In the document ISR 4000, one can read the following paragraph:

It's actually quite simple. The router shaper applies only to traffic on the data plane forwarding CPU, and it applies only to egress traffic leaving the data plane. It doesn’t apply to traffic only traversing the Multi-Gigabit Fabric (MGF).

Can someone explain this in even more simple terms?

For example, given a concrete situation like the following:

  • we have an ISR which default performance level is 50 Mbps (like the ISR4321),
  • some traffic comes from the Internet at a 100 Mbps download speed,
  • some traffic goes out onto the Internet at approximately the same speed (99.07 Mbps),
  • some traffic goes through an IPsec ISAKMP VPN between the ISR and another router.

How is the router shaper limitation to 50 Mbps going to impact these traffics?

Which traffic belongs to which category:

  • traffic on the data plane forwarding CPU,
  • egress traffic leaving the data plane,
  • traffic only traversing the Multi-Gigabit Fabric (MGF)?

Thank you for helping me understand.

Best regards.


This is a Multi-core CPU with very significant routing capability. This is the only way Cisco can deliver iWAN and NBAR/AVC to branch offices. AVC has the ability to check the classification of traffic based on Layer-4 and higher characteristics, so the traffic can be identified and prioritized for what it is.

You no longer have to just throw all HTTP and HTTPS into DSCP AF21. You can rip Facebook out of AF21 and put it in CS1 where it belongs, even though its encrypted - thanks to AVC. (AVC: https://www.cisco.com/c/en/us/products/routers/avc-control.html)

Obviously, tearing that deeply into packets requires serious CPU power, which is where that Multi-core CPU comes in.

It has so much horsepower they have to rate-limit it in software, which is why after so many years of preferring not to talk about maximum throughput, they are suddenly publishing throughput recommendations for these routers in the public specification sheets.

Can someone explain this in even more simple terms?

Any routable traffic will be capped. The router will even shut down processors to limit the throughput. Also explained in this video: https://www.youtube.com/watch?v=M2yLg1FZRXU (Fast forward to 11:55 for info on shaper limitations)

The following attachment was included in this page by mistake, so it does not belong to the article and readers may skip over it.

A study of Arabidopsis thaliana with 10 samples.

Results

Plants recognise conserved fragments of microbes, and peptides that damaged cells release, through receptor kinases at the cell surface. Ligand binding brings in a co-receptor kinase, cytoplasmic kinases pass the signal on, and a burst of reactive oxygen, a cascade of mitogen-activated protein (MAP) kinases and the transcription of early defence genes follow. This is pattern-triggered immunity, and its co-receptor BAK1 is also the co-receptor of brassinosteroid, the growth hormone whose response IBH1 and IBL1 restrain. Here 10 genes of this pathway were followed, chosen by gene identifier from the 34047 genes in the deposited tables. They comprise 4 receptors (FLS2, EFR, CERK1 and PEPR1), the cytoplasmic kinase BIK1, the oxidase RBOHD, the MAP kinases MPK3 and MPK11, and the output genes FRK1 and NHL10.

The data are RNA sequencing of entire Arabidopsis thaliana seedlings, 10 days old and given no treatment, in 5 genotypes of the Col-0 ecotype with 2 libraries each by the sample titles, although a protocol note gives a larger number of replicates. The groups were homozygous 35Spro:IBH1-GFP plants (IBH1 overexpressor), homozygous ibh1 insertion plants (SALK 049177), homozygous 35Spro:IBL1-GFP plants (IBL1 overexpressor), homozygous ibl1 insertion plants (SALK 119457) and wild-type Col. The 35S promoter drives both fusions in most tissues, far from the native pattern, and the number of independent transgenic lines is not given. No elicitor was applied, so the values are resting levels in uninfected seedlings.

For example, given a concrete situation like the following:

  • we have an ISR which default performance level is 50 Mbps (like the ISR4321),

  • some traffic comes from the Internet at a 100 Mbps download speed,

  • some traffic goes out onto the Internet at approximately the same speed (99.07 Mbps),

  • some traffic goes through an IPsec ISAKMP VPN between the ISR and another router.

How is the router shaper limitation to 50 Mbps going to impact these traffics?

  1. Your ingress traffic from the internet of 100 Mbps will not be shaped. But if the traffic will be routed/NATed/etc. the egress will be shaped to 50 Mbps.
  2. Your output traffic to the internet of 99.07 Mbps will be shaped to 50 Mbps.
  3. Your IPsec VPN will be capped at 50 Mbps egress.

Which traffic belongs to which category:

  • traffic on the data plane forwarding CPU,
  • egress traffic leaving the data plane,
  • traffic only traversing the Multi-Gigabit Fabric (MGF)?
  1. Will be shaped to 50 Mbps.
  2. Will be shaped to 50 Mbps.
  3. Will not be shaped.
  • Thank you for these very useful piece of information and the edits. – Léa Massiot Jan 18 '18 at 14:34
  • @LéaMassiot please feel free to accept my answer. :-) – user36472 Jan 18 '18 at 15:06

The router shaper applies only to traffic on the data plane forwarding CPU, and it applies only to egress traffic leaving the data plane. It doesn’t apply to traffic only traversing the Multi-Gigabit Fabric (MGF).

to infer that there are three "categories" of packets:

Which traffic belongs to which category:

  • traffic on the data plane forwarding CPU
  • egress traffic leaving the data plane
  • traffic only traversing the Multi-Gigabit Fabric (MGF)?

What the documentation is actually saying is that (a) the shaper only affects packets going out of the router (not packets in the input direction), AND (b) the shaper only kicks in if the packet is being forwarded by a data-plane forwarding CPU (as opposed to being locally forwarded on the MGF).

Look at Figure 2 and Figure 3 in that document. Figure 3 depicts a scenario where the packet is locally forwarded on the MGF and therefore not subjected to the shaper.

Only the data-plane forwarding CPU has the shaper logic (hardware or software, I am not sure), and therefore for the shaper to kick in, the packet has to hit the DP CPU.